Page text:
P. Kenneth Burns/WYPR

While probing the shooting at a skate shop in The Mall in Columbia that left two employees and the gunman dead last January, investigators found that the gunman had been seeking help for mental illness while planning the attack. 

Police said in March they found that 19-year-old Darion Aquilar had searched mental health web sites as sites for mass shootings at schools and malls.

That prompted Howard County Executive Ken Ulman to look for money in the budget he was preparing to address mental health needs and prevent violent incidents.  

“It’s all about our efforts to be a caring society that can offer each other the support when we need it so that we can avoid tragedy in whatever form,” he says.

He put $400,000 in the budget the County Council adopted in May for training programs to teach those who interact with young adults on a daily basis and others the early warning signs of mental illness.

The money also pays for an emergency room care coordinator based at Howard County General Hospital and an officer to work with the police department’s civilian mental health coordinator on mental health cases.

The emergency room coordinator is to connect patients who show signs of mental illness with community services before they are released. 

The county will also create a second full-time mobile crisis team to respond to emergency calls along with officers, when needed.

This week, Ulman signed an executive order creating a task force to develop a plan to identify other needs for mental health care and to find money to pay for it.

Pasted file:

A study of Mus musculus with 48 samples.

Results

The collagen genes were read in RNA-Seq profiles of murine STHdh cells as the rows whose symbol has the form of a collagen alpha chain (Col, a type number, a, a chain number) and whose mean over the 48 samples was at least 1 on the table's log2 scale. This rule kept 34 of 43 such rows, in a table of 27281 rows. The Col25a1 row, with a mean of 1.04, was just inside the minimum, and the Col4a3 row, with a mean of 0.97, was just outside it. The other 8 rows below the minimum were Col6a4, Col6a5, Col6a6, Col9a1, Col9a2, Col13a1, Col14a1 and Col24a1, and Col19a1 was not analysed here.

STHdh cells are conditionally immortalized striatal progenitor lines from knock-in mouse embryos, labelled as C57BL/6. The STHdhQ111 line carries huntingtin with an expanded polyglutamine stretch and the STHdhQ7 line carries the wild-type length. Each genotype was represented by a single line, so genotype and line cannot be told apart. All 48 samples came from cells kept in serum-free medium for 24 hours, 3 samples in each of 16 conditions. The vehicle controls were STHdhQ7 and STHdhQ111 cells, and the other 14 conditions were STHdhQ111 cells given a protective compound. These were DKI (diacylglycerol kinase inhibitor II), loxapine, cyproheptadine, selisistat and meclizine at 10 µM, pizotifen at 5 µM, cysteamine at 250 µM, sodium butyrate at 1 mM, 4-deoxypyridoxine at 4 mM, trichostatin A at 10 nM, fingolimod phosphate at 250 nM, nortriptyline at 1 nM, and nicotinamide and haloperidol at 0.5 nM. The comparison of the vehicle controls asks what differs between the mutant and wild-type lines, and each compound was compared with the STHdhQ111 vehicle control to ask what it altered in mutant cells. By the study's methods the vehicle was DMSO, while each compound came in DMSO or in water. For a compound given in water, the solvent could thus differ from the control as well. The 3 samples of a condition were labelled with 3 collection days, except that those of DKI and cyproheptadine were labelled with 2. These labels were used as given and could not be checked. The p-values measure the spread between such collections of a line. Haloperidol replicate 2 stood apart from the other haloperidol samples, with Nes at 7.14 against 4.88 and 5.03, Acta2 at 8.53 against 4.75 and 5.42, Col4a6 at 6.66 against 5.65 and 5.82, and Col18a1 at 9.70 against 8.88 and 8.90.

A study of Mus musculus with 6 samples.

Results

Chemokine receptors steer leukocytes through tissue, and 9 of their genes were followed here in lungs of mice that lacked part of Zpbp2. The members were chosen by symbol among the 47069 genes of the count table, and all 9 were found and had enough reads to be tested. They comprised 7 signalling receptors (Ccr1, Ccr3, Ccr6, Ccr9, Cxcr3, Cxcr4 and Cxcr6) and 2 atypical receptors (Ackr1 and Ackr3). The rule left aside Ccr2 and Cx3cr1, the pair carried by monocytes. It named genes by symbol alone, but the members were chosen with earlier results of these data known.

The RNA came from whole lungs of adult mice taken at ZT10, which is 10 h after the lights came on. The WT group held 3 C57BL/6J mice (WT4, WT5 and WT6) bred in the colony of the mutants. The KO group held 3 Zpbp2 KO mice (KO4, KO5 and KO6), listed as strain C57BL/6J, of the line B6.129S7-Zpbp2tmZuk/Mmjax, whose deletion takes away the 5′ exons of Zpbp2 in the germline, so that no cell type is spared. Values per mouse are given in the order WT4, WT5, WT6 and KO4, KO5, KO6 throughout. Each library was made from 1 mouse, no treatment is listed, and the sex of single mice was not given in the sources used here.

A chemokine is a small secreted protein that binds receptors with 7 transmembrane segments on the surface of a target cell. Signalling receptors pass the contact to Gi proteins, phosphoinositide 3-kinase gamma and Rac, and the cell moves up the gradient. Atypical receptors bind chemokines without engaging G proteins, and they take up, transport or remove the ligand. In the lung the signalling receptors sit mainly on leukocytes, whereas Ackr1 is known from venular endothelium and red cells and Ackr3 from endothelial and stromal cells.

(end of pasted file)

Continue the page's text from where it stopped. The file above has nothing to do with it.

He says mental health problems can no longer be ignored and that it’s time to help people and reduce the chances for future tragedies.

“We know that there’s no way to prevent every tragedy but we can do better and we can do better across every community in the country.”

Police Chief Bill McMahon says the task force will bring together organizations “that are working this in different ways from different areas” to “make sure people don’t slip through the cracks.”

Sgt. Jennifer Reidy-Hall, head of the police Community Outreach department, says the number of emergency calls for people who are a threat to themselves or others has doubled over the last decade.

“We knew from across the nation there are better ways to deal with persons with mental illness when we encounter them.  And we are encountering them more and more on patrol,” says Reidy-Hall adding the department has been training officers on mental health issues for the last four years.

Rita Dougherty, is a volunteer at several organizations that deal with mental illness.  Her son was diagnosed with early on-set pediatric bi-polar disorder.  

Dougherty hopes the work of the task force will help remove the stigma of mental illness and open access for treatment.

“Now, as we see, most of mental health is a behavior issue,” she says. “ Either you’re outwardly manic or depressed and that you’re so withdrawn, you can’t even get out of bed.”

Members of the mental health task force are expected to be named by the end of June.  They will turn in recommendations to the county by December.